York's accommodation crisis 'solution' raises more questions than answers for our students


Last Thursday I received a text from my Grandma that read: ‘Local TV says your new student colleagues will have to live in Hull. York has no space in halls for new students!! So glad you are past all that’ — a text which elegantly sums up my feelings on the situation: shock, outrage and a little guilty relief.

Due to a colossal housing shortage in York, some new students have been offered their accommodation 38 miles away in Hull. This presents a range of challenges and, in my opinion, reflects badly on the university. It appears that because of the incredibly high number of deferrals from last year as well as apparent grade inflation in the 2021 A Levels, York, along with many other universities, has become massively oversubscribed. Yet, when you apply to York you do not see even a scribbled caveat buried in terms and conditions that you could ever end up living so many miles away from campus.

One of my favourite things about York is its bars, restaurants, and coffee shops. A social world that will be completely alien to these students if they keep having to catch the University’s shuttle bus back to Hull. In fact, this is nothing against Hull, it too has lovely bars, cafes and restaurants, but it also has a well renowned university and if these were the bars and streets that students wanted to frequent then they would have chosen Hull in the first place.

All large scale freshers’ events are taking place late into the night in York city centre, surely presenting logistical and potentially safety issues for Hull-based students wishing to participate in these events without having to sulk off early to get on a bus. Even in my own pandemic ridden first year, late night bus trips and the walk from campus to town served as a vital bonding experience. However, these students will be constantly stuck on lonely shuttle buses and denied the magic of meeting a new friend at the back of the 66, or in the queue for Nisa.

There is another thing that lies beneath this move that I find quite worrying: all the students who put York as their firm choice have been granted accommodation in the city, and some of those who came to the University through clearing have been placed in Hull. To me this is a huge oversight by the University. It creates the ethos that those who have joined York through clearing are somehow less valuable and receive a much smaller proportion of the university's attention. This seems a dangerous precedent to set for the future validity of York's clearing program.

Moreover, clearing is designed to fill vacant places on universities courses by students who have changed their minds or didn’t receive the grades for their initial choices. The key word here being ‘vacant’: I fail to understand how the university can be offering available places on courses when they do not have the physical space to house these students, surely that place is not really ‘vacant’?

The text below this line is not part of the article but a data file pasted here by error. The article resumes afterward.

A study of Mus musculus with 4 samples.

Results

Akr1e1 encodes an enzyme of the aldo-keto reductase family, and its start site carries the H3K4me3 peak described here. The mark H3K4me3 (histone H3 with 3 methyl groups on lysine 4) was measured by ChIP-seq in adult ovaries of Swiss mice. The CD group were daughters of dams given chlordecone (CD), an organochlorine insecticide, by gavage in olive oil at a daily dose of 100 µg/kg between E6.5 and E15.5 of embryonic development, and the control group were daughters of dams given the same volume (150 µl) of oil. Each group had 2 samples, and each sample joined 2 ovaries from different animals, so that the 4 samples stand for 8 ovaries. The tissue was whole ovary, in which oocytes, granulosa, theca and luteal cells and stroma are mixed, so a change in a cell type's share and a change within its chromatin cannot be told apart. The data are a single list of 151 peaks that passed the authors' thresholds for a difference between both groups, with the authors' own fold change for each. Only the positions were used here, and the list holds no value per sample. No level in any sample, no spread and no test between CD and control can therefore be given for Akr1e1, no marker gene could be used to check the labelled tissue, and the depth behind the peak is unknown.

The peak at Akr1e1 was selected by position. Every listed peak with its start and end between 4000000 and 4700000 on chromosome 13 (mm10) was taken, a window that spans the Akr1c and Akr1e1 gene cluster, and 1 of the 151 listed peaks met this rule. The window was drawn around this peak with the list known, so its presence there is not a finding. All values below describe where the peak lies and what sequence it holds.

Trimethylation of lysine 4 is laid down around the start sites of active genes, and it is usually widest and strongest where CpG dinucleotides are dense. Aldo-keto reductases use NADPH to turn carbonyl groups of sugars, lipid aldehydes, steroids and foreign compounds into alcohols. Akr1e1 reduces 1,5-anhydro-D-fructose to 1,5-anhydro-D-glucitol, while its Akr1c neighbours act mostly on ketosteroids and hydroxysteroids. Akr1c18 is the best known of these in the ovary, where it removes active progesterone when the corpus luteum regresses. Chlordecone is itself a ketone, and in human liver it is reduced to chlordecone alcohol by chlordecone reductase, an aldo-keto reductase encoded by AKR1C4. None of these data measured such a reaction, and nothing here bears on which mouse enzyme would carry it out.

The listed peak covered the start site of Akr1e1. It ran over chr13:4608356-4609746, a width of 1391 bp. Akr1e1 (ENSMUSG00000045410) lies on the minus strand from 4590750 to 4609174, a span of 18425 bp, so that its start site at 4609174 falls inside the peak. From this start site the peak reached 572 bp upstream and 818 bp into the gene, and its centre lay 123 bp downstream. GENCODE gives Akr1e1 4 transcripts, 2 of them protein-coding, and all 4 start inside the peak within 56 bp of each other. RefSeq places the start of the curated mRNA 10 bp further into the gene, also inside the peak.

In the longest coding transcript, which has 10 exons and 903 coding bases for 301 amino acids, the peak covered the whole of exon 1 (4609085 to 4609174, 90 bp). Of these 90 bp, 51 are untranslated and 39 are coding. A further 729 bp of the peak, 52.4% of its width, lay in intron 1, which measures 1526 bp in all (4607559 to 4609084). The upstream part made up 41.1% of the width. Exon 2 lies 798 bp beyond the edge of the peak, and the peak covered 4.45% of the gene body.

Students who have been placed in Hull accommodation have been told that although it is ‘not ideal’ they will be offered a twenty five percent discount on accommodation (moving up from a measly ten percent after lobbying from YUSU) and a free shuttle bus between the two cities.

While it is good that the university understands the inadequacy of this situation and prepares to compensate the students, this offer doesn’t meet other uni’s standards. The University of Leeds offered law and business students £10,000 and free accommodation to defer their places for a year after realising that these courses were oversubscribed. Exeter and Durham also offered their students upwards of £1,000 to defer from oversubscribed courses. With this knowledge, maybe the mere twenty five percent discount and free shuttles feel a little flimsy.

However, it appears that some students placed in Hull feel relieved to have got any accommodation at all.

Even as I write this, less than a week before freshers move in, the Facebook freshers pages are covered in desperate requests for any sort of private or university accommodation. This lack of accommodation must be a wake up call for universities to see students as real human beings (who need real beds and showers and kitchens), not just anonymous pay-checks.

York and Hull are both beautiful cities with a lot to offer, so I hope all the students who have found themselves in this position make the most out of it. But for many, understandably, it is far from ideal. More than anything, I hope that they are allowed to move into the temporary on campus accommodation in January 2022.